Critics have slammed an independent report into the UK government's proposed communications snooping bill which puts an estimated £34m price tag on the bill's implementation.
The proposed Regulation of Investigatory Powers (RIP) Bill, which has been the subject of much debate, will require ISPs to provide facilities to intercept e-mails - or future electronic communications formats - for surveillance organisations such as the police.
Industry think tank the Foundation for Information Policy Report (FIPR) claimed that the brunt of the £34m implementation would be borne by ISPs and taxpayers.
The government had previously said it may cover "marginal" costs associated with the bill and has denied reports that costs would be high.
The 72-page report, compiled by the Smith Group for the Home Office, recommends three schemes for intercepting traffic on the internet: an "active" scheme, which intercepts only e-mail at an ISP's server, and "semi-active" and "passive" schemes, which are two ways of intercepting all of an individual's traffic, including e-mail, web browsing and voice over IP.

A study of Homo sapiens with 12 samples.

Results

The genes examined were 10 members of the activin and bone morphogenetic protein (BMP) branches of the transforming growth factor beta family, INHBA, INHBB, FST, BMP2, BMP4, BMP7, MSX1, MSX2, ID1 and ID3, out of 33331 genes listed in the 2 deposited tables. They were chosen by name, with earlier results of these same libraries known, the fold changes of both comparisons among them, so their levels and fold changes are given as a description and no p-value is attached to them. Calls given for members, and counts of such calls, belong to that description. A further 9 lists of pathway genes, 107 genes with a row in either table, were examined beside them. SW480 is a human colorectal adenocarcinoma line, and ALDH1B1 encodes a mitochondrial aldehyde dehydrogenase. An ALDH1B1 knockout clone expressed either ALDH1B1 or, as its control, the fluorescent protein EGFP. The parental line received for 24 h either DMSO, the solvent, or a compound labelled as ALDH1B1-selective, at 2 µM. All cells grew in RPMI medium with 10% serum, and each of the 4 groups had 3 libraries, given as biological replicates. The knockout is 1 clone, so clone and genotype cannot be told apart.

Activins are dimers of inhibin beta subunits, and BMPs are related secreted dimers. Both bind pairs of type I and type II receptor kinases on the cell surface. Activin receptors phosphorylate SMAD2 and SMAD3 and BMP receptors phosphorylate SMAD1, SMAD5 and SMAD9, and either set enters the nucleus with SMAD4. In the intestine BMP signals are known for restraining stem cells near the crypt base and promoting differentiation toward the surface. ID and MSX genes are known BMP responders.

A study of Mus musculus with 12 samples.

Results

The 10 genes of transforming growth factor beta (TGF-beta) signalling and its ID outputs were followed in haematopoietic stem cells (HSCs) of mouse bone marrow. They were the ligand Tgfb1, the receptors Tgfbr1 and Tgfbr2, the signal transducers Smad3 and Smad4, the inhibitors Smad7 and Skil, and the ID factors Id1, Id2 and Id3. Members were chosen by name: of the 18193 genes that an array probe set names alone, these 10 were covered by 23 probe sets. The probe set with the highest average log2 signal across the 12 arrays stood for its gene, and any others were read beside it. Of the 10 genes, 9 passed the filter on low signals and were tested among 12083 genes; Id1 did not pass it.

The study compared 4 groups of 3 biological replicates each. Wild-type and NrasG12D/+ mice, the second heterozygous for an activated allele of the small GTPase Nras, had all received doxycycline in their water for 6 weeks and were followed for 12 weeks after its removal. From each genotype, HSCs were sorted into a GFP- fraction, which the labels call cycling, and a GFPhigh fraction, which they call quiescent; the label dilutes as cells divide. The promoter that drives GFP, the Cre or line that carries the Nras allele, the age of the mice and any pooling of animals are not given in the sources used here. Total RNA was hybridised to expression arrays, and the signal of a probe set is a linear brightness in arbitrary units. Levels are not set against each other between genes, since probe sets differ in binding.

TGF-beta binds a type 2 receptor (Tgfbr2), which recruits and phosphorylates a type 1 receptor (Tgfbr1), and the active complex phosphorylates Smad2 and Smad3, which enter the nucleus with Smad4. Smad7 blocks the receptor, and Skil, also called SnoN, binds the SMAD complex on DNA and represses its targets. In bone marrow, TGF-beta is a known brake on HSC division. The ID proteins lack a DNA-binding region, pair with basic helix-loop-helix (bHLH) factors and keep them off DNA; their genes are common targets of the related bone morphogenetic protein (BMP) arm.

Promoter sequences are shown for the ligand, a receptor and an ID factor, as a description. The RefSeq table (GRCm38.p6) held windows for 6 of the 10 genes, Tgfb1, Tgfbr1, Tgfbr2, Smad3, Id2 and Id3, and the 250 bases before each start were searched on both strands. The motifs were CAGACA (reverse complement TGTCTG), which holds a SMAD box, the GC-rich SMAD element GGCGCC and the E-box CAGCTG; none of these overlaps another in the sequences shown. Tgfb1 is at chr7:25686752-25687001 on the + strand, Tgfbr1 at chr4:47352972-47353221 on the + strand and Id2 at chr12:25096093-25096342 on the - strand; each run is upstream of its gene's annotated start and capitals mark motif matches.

The Smith Group recommends that all ISPs deploy the e-mail interception scheme and estimates that it will cost a large ISP £113,000 in the first year and £44,700 each year thereafter. A small ISP will pay £44,700 in the first year and £19,400 each year thereafter, says the group.
Caspar Bowden, FIPR director, said: "The Government has been telling us for weeks that the million-pound price tags put on interception were just scaremongering.
Now its own consultants think it will be more than £30m, and that's only the beginning, before the next wave of broadband e-commerce is rolled out in 2001, with third generation mobile internet following in 2002.
"It also does not take into account the cost to the taxpayer of processing and safeguarding the intercepted material, or answer the basic question of whether interception will continue to be useful for law enforcement as encryption becomes widely used for personal and business applications."